Being married is rarely described as being easy. We’re told you have to work at the relationship. But when a marriage is predominantly difficult, “working at it” shifts to coping with your marriage:
It was a very difficult marriage and I coped by being pretty closed off. Certainly emotionally closed off but sexually closed off as well. ~ Cathy
Cathy was with her husband for 29 years. She says it was always a difficult marriage and over the years she built a cocoon to protect herself. The years following her divorce were a period of joyous personal rediscovery including finding her ‘pilot light lover.’
The Divorce Coach Says
Closing down and withdrawing is definitely a coping mechanism. How that looks in practical, everyday terms may differ from person to person. It might mean avoiding physical contact, it might mean enduring physical contact, it might mean avoiding confrontation and disagreements, it might mean avoiding most social interaction.
It’s about doing what you have to do to keep up the appearance of your marriage or the functioning of your home because you haven’t yet reached the stage of seeing divorce as a feasible option.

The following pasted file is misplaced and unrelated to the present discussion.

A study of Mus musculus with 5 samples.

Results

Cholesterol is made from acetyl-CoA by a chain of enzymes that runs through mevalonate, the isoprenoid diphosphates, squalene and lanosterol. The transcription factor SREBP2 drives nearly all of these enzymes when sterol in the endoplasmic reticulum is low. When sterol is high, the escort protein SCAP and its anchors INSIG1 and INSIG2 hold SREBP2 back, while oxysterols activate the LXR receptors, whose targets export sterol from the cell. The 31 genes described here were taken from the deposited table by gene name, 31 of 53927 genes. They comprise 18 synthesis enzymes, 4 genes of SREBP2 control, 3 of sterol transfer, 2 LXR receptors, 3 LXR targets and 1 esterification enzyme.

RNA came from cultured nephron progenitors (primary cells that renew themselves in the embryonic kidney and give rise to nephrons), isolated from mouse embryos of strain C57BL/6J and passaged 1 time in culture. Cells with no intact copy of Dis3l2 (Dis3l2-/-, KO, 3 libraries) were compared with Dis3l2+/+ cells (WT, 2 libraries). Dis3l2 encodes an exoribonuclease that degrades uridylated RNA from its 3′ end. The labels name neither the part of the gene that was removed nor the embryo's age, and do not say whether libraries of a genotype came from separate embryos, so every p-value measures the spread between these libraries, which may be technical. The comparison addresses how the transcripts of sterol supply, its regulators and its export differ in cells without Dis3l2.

Closing down may be an effective short term survival strategy but in my view it doesn’t work and nor is it healthy in the long run. Over time you start to close down more and it isn’t limited to just your spouse. As the marriage becomes increasingly difficult, you start to withdraw from socializing with friends, there’s less and less to talk about. It may spill over into your workplace. Your range of emotions narrows so not only do you not feel the depths of pain and sadness but the highs of joy and pleasure are also gone.
The longer you keep coping, the more closed off you’ll become and the further away you drift from your authentic self. You find yourself going through the motions of life.
With the end of your marriage comes the opportunity to open up again but that’s risky. It means allowing yourself to be vulnerable. Are you ready for that?